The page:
Randy Gage, bestselling author and leading speaker on success and prosperity, and President of the Prosperity Factory, joins me on this episode.
Randy says the single biggest challenge facing sales professionals is the mind game. 80% is mental — having the right mindset, in spite of resistance and rejection, knowing the value they offer, and finding their opportunities.
If you ask 100 people what is the opposite of success, 99 will answer “failure.” Randy gives his interesting answer.
Companies that do not set expectations for growth, or prioritize employee development, are rewarding mediocrity. People think it’s safer not to get noticed. But they lose. Look forward as your prospects change, and solve their problems.
Know ‘where you live.’ Are you mediocre, good, great, or a mad genius? Know the path to becoming a mad genius. FInd two or three people who will be brutally honest with you.
The ‘good’ is the area where people are self-satisfied. Keep building on success. Don’t stay in a comfort zone. Randy tells of his 20-70-10 formula. The 10% are the ones who strive to grow. The 20% do not. The 70% can be guided to develop.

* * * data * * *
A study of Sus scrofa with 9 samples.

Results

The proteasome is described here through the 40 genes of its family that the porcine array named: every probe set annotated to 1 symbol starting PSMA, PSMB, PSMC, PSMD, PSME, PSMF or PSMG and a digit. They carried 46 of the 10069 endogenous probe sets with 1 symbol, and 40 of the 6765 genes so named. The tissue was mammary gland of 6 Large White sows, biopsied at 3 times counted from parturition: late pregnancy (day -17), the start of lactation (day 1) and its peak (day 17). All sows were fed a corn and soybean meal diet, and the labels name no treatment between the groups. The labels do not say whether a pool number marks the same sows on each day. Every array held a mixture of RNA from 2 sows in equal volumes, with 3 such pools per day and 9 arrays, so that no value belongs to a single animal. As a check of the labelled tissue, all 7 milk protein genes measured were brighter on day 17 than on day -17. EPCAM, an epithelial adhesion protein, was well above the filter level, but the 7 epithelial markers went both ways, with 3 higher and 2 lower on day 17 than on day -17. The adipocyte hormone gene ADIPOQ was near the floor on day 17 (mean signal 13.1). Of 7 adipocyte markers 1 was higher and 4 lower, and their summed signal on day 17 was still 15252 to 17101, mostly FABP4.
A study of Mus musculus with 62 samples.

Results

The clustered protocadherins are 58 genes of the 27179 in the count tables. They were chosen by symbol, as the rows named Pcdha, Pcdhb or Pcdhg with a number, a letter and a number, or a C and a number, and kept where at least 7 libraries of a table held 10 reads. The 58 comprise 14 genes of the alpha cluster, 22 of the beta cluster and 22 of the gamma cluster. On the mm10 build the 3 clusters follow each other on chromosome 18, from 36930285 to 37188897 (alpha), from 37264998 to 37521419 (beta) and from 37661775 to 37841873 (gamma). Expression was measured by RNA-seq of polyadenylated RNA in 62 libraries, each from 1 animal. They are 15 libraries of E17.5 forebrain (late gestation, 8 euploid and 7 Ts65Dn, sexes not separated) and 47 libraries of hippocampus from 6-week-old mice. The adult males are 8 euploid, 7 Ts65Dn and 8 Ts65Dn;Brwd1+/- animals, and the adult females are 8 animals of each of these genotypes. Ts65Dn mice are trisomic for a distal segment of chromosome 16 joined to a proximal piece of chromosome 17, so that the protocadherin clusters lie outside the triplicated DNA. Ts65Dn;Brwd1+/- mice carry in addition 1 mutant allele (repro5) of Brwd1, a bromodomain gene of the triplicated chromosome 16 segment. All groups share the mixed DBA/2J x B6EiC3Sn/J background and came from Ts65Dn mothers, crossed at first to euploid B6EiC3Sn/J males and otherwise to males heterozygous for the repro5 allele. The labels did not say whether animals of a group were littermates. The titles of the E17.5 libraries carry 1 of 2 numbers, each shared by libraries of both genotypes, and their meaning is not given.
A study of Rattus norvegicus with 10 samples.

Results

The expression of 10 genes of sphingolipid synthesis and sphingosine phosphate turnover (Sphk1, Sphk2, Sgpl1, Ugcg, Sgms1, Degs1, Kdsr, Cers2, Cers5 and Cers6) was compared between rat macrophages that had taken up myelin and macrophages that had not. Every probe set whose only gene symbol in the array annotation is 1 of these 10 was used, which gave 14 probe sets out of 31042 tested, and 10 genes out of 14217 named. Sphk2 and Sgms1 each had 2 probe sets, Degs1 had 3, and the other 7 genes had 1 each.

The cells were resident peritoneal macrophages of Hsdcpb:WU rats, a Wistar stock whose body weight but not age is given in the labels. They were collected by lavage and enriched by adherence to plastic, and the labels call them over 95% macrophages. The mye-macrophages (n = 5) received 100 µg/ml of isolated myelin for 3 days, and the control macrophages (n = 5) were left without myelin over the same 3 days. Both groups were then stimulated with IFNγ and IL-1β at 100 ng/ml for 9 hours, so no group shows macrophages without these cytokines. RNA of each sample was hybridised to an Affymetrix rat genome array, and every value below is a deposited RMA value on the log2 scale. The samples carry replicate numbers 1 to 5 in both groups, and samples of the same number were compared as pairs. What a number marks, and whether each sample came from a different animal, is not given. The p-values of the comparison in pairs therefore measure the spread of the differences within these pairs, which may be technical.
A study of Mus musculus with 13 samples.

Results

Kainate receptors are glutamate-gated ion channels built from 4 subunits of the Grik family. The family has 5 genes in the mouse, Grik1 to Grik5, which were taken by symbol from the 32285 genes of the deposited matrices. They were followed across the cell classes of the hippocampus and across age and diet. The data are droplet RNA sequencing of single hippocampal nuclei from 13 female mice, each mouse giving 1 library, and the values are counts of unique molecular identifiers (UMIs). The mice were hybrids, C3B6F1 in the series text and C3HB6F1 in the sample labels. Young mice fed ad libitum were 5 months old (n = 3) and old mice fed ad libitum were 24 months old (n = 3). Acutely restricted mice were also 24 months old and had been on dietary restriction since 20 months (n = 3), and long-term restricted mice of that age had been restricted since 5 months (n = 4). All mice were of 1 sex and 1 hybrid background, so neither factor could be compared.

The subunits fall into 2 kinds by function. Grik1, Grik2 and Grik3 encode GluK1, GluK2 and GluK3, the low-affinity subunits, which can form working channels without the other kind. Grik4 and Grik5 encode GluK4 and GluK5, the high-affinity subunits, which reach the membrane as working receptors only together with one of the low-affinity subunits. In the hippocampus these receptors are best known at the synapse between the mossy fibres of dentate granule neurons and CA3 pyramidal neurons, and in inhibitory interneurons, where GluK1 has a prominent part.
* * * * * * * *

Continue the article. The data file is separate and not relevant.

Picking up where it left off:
It’s all about creating culture. People know what is expected, and how the company operates. Create a customer-centric culture of innovation, and initiative. Create a culture where people are allowed to fail on the way to success.
Processes that are too strict restrain sales reps from finding what works for them to meet their potential. There needs to be a safe space for creative people to be brilliant.
Business is art. Data should support the sales process, not govern it. Randy uses a game/players analogy. Know the players and their abilities. Innovation and creativity come from within. The next decade will be the most cataclysmic in history.
Uber plans for autonomous cars. That will change everything about car sales. Google changes everything about buyer knowledge. What trends and challenges are coming? When we know, we can help solve them and add value.
The salesperson’s job is to know what the customer needs before the customer knows. Henry Ford knew that people needed cars when they just thought they wanted faster horses. Ask the right questions.
Break out of habitual thinking patterns. Find questions that answer tomorrow’s issues, to help the customer accomplish what they want to achieve. Asking the wrong questions yields no value.
Think about your own future. Mad Genius is worth the read. Solving problems and adding value are the underlying themes for salespeople.